A 2003 tax court ruling may make VEBAs more viable, however. The ruling, in response to a dispute brought by Wells Fargo & Co., eases the annual restriction on companies setting up new trusts, allowing employers to contribute large lump-sum amounts for current retirees and take the full tax deduction.
Life insurance policies could also make the trusts more attractive, says Peter Neuwirth of Clark Consulting. Under this arrangement, a VEBA uses a portion of its assets to pay for life insurance policies on its retirees, then collects the proceeds of the policy tax-free when a retiree dies. Trust-owned life insurance policies “work well because they mature at death and the preponderance of health-care costs are incurred in the year that the individual dies,” says Neuwirth. One company exploring this option is Whirlpool Corp., which is currently petitioning the Department of Labor to allow it to reinsure the policies through a captive insurance company in hopes of getting further tax benefits.
Still, such tax advantages for advance funding will not stem the current cash drain that many companies face. A brighter prospect for many companies is the Medicare Prescription Drug, Improvement and Modernization Act of 2003. The act, which offers qualifying employers a 28 percent subsidy for the cost of any drugs they help Medicare-eligible employees pay for, could slice up to 15 percent off total retiree medical costs, says Frank McArdle, head of the Washington, D.C., office of Hewitt Associates.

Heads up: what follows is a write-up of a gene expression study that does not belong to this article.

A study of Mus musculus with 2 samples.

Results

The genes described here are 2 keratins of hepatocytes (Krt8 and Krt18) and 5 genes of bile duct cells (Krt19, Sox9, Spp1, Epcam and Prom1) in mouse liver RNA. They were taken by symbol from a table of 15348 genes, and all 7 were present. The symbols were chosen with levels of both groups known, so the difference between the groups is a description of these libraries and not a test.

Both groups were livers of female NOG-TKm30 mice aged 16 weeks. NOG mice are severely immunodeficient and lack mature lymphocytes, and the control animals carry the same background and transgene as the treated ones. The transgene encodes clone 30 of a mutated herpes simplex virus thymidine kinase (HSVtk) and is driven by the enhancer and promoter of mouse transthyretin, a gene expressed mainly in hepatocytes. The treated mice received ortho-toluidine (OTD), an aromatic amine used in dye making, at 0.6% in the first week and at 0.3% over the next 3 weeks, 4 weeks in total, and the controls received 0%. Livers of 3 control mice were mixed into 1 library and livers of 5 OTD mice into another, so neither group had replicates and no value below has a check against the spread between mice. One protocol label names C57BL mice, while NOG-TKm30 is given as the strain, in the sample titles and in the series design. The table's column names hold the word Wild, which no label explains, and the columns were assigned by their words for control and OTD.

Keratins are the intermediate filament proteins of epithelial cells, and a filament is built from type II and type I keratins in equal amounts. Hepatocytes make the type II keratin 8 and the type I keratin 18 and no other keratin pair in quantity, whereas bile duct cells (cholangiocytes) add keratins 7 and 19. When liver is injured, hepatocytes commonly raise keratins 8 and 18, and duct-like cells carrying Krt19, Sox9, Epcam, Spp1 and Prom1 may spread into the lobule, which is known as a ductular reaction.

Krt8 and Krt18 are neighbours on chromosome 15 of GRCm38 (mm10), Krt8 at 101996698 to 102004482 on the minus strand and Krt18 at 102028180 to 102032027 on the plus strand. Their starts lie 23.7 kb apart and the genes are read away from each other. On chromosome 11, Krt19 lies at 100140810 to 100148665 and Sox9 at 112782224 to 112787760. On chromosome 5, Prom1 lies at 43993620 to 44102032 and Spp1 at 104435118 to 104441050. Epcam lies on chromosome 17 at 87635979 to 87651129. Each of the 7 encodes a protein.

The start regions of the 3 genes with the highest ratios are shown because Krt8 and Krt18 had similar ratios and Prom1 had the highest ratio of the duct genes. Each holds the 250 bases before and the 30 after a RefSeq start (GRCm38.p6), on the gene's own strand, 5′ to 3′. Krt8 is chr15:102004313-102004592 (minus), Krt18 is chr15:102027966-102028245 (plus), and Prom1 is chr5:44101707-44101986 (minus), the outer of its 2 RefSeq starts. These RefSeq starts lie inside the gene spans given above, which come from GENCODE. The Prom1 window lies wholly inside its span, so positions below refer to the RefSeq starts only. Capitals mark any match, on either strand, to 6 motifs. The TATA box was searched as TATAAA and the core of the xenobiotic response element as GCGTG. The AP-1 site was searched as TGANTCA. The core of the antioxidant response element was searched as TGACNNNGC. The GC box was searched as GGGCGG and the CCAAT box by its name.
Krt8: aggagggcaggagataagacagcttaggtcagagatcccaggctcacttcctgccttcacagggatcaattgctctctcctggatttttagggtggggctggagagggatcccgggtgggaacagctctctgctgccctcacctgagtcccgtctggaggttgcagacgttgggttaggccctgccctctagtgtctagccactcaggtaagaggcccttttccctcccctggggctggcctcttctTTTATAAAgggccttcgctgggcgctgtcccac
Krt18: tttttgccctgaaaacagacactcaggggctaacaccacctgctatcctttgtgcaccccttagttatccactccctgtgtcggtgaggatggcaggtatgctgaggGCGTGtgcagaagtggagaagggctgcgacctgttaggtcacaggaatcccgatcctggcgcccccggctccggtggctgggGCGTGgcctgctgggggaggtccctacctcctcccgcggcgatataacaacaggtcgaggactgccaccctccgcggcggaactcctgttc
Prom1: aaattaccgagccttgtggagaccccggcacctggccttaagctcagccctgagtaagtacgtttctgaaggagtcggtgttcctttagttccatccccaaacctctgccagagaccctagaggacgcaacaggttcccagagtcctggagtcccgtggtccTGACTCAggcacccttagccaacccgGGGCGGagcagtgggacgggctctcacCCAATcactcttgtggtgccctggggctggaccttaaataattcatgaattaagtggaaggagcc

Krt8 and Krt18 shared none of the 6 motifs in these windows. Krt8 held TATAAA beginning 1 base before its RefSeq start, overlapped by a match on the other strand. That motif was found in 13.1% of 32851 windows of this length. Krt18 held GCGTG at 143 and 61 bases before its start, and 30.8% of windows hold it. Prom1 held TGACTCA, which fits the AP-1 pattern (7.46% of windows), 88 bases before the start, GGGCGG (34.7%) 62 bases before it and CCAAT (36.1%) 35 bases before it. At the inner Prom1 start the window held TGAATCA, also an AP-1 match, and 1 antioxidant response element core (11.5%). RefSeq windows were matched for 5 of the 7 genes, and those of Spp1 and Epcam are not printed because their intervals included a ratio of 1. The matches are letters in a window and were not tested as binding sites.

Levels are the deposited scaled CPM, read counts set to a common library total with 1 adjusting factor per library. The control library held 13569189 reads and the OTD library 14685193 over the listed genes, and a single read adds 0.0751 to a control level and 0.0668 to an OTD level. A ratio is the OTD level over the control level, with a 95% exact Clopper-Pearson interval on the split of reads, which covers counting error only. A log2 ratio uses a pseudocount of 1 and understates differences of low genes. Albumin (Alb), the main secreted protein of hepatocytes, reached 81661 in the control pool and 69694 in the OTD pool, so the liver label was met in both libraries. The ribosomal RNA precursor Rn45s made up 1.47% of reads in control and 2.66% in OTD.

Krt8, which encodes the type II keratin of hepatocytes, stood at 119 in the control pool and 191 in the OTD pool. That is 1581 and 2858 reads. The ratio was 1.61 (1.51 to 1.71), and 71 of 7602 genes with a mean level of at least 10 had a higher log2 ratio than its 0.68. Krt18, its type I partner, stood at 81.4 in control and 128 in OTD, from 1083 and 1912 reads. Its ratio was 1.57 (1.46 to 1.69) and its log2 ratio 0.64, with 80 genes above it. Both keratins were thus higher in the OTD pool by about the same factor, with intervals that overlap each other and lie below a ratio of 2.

The promise of subsidies has enabled some businesses to take the costs out of future liabilities with FASB’s blessing, adding much-needed dollars back to net income. GM, for one, subtracted $4 billion from its OPEB obligation as a result. Savings are not insignificant, either: Lucent Technologies expects to save $65 million in cash annually starting in 2007.
Exactly how the subsidy will work—and how companies will maximize the benefits to employees—is still uncertain. Experts warn that providing coverage that wraps around the Medicare plan can be tricky, thanks to the “doughnut hole” that is built into the benefit. Medicare does not cover a retiree’s out-of-pocket drug expenses if they fall between $2,250 and $5,100; above that point, catastrophic coverage kicks in. Employer dollars would not count against employee out-of-pocket expenses.
Meanwhile, about 8 percent of companies have simply dropped their prescription-drug coverage since the Medicare reform act was passed.
Shape of The Future
Increasingly, companies are trying to find ways to encourage employees to save their own money for medical costs in retirement. The new health savings accounts (HSA) established by the 2003 Medicare Drug Act are one option. They allow employees to save up to $2,650 pretax per year for medical care. The employee-owned accounts are portable and allow funds to accumulate tax free.
HSAs, though, can’t do much for those in or near retirement. Cara Jareb, director of retiree medical consulting at Watson Wyatt Worldwide, says she is seeing “a newfound interest” in health reimbursement arrangements for retirees, which allow employers to credit a discrete amount of money toward retiree medical benefits to individual employees over any length of time.
The accounts cannot be tapped before retirement and typically do not vest until then, meaning they do not require continuous funding. The approach may not reduce liabilities, but it does limit cash outflow in a more appealing way than a cap on benefits. “It gives employees a lot more flexibility,” says Jareb, “and it sends a more positive message to tell retirees how much money they have, rather than how much they have to kick in.”
Considering the current lack of choices for maintaining retiree medical benefits, the real message may be that employers are doing their level best to live up to promises made to workers.
Alix Nyberg is a contributing editor of CFO.